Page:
Notre Dame offense searching for short-yardage answers
Buried in the trenches, there are some perplexing extremes.
Through two games, Notre Dame’s offensive line has paved the way for 467 rushing yards, eclipsing 200 yards in back-to-back games to open a season for the first time since 1996. Defensive back-turned wide receiver-turned running back C.J. Prosise has been a revelation, grinding his way for 253 rushing yards, a touchdown and 6.8 yards per carry.
The Irish have amassed three rushing touchdowns in their first two games, striking from 14, 25 and 24 yards out.
The big plays have been there, as have the wins.
But when the offense only needs two yards, rather than five or 10? That’s when a dominant running game inexplicably wilts.
“Plain and simple, we haven't been good enough in that situation,” senior center Nick Martin said. “Good thing is every week's new, every week's different. You can't dwell in the past, you can only learn from it and move on from there.”
Unfortunately for Martin, skeptics have plenty to dwell on. In Notre Dame’s 34-27 victory over Virginia last weekend, the Irish offense was blanked in 10 tries on third down, managing to win a game without converting a third down for the first time since 1990.
On third-and-1 in the first quarter, freshman running back Josh Adams gained zero yards.
On third-and-2 in the second quarter, quarterback Malik Zaire gained one yard.
On third-and-1 in the fourth quarter, Prosise gained zero yards.
Can anyone spot the trend?
“I think it’s just attention to detail,” Prosise said. “We’ve had a couple missed assignments on third down and things we made mistakes on. This week, we need to fix that. We can’t be as bad on third down as we were last week.”
So what are the Irish: monster, or mirage? Head coach Brian Kelly is certainly hoping for the former, especially as his team breaks in first-time starting quarterback DeShone Kizer against No. 14 Georgia Tech on Saturday. Run the ball efficiently, he says, and everything else falls in line.
“We've had effectiveness in our running game, and so if we feel like you're going to gang up on us in the running game, those inside slot receivers will catch a ton of balls,” Kelly said. “They've still respected the slot receivers and have given us the opportunity to run the football. I think we've had back-to-back 200-plus yard rushing games, and you can say what you want, but that's two ‘Power Five’ conference teams that have pretty good athletes.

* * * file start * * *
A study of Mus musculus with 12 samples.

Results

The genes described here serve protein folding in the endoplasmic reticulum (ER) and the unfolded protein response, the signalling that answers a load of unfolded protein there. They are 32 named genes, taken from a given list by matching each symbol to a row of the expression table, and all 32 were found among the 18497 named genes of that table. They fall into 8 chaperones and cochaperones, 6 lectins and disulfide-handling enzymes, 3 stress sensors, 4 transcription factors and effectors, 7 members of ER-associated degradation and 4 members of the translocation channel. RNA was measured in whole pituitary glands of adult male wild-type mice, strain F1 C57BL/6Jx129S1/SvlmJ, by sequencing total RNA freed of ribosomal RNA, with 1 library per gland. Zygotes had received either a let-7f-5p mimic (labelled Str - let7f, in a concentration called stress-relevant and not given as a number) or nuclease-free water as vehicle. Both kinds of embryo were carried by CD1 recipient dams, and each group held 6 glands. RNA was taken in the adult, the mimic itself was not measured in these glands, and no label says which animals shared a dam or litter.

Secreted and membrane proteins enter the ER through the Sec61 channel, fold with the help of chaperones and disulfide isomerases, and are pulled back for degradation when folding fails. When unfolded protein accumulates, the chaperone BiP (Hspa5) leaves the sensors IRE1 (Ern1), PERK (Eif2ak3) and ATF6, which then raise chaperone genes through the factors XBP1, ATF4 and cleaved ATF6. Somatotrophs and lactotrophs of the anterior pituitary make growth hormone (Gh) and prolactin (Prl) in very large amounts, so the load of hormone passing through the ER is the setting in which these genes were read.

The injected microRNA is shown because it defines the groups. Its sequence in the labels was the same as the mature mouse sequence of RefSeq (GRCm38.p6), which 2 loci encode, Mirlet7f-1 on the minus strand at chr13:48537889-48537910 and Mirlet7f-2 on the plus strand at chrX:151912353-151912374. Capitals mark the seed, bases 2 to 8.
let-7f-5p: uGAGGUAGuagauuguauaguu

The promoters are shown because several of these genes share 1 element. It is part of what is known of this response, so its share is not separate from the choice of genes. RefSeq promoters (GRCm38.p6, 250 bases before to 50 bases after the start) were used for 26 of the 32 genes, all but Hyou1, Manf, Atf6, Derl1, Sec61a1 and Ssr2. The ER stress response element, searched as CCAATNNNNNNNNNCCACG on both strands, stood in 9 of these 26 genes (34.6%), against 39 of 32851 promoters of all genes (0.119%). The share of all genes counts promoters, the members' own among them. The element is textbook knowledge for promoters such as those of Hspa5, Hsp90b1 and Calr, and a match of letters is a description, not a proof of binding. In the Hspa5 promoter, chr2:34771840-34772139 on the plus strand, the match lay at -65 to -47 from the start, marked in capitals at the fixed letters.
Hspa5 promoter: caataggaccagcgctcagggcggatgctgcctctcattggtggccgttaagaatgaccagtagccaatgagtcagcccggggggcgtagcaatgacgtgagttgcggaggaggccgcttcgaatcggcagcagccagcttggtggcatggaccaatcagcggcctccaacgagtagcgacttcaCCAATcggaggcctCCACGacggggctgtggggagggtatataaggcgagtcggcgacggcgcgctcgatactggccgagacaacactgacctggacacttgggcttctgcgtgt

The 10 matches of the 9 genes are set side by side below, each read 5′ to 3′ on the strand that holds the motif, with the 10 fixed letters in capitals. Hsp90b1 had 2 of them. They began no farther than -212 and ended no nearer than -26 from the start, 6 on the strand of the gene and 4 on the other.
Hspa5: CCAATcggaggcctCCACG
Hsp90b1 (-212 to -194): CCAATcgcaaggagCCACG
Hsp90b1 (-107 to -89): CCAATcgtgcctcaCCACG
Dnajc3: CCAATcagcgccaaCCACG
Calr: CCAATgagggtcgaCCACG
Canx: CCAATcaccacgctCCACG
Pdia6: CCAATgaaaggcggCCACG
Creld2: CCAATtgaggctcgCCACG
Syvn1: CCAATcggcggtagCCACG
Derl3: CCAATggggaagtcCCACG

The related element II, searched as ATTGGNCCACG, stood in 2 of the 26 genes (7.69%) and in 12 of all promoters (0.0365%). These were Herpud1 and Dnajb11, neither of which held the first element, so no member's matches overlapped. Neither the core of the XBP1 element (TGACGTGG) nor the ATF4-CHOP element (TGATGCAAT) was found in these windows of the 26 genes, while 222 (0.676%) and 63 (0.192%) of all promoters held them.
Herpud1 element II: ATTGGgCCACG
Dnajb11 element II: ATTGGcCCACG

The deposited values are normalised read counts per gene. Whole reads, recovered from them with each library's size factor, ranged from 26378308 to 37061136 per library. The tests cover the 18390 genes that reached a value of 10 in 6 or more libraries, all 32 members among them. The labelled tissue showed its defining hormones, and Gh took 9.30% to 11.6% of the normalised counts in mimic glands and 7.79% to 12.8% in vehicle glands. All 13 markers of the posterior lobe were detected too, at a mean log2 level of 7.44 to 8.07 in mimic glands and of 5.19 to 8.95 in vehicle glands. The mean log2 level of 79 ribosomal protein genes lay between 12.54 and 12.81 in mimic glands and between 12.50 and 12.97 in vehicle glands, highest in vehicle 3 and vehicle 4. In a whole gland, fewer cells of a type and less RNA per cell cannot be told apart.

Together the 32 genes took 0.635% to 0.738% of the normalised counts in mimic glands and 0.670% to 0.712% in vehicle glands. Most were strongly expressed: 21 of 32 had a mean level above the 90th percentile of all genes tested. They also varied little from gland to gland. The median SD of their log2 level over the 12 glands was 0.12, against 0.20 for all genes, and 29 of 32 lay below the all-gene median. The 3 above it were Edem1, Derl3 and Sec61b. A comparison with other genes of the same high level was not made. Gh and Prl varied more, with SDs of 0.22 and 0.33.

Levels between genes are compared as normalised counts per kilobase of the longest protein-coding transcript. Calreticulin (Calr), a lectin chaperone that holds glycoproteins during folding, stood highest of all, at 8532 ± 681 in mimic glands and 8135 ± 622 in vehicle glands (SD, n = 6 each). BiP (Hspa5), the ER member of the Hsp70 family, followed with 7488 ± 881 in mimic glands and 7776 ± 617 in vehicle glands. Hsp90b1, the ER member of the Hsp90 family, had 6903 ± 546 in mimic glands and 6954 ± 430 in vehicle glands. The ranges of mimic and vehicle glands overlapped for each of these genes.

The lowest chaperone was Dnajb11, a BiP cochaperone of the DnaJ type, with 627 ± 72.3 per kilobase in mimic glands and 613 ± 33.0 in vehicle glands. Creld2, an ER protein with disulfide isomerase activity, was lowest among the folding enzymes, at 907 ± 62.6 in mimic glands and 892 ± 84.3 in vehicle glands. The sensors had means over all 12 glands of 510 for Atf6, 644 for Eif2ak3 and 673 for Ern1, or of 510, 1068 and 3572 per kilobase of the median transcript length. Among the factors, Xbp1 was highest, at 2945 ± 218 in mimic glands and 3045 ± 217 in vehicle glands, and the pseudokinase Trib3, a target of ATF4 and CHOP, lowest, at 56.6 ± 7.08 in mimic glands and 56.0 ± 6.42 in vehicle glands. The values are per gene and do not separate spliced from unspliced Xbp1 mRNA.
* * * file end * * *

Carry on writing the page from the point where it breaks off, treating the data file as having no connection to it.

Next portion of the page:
“So if you start to rotate down and leave those slot receivers in one-on-one situations, they're going to catch plenty of balls.”
And Kizer should have little trouble delivering them.
“As a quarterback I understand that with the playmakers that we have to my right and to my left, and the great offensive line that I have in front of us, any given play, any given down, whether it's third-and-10, first-and-20, we can run the ball for some yards,” Kizer said.
“People like to get the seventh man in the box for us because they need help in stopping the run game and it opens up the opportunity to stop the pass game. So as long as we continue to read the defense and the way they want to go about their schemes, I think we'll be very successful in the upcoming weeks.”
Success, at least on the offensive end, hinges on Notre Dame’s formidable front five — Ronnie Stanley, Quenton Nelson, Alex Bars, Mike McGlinchey and Martin — a battering ram with 78 career starts crowding its collective resume. In theory, that group should be dominant.
And most of the time, it has.
The next step, according to Stanley, is to dominate those third-and-shorts — and eliminate the extremes.
“I would say you just have to be ready for what the defense has to bring,” Stanley said of the line’s mindset in short yardage situations. “They’re going to be all up in there. They’re going to have it boxed up usually.
“You just have to be ready for anything they’re going to bring. We know they’re going to bring it all.”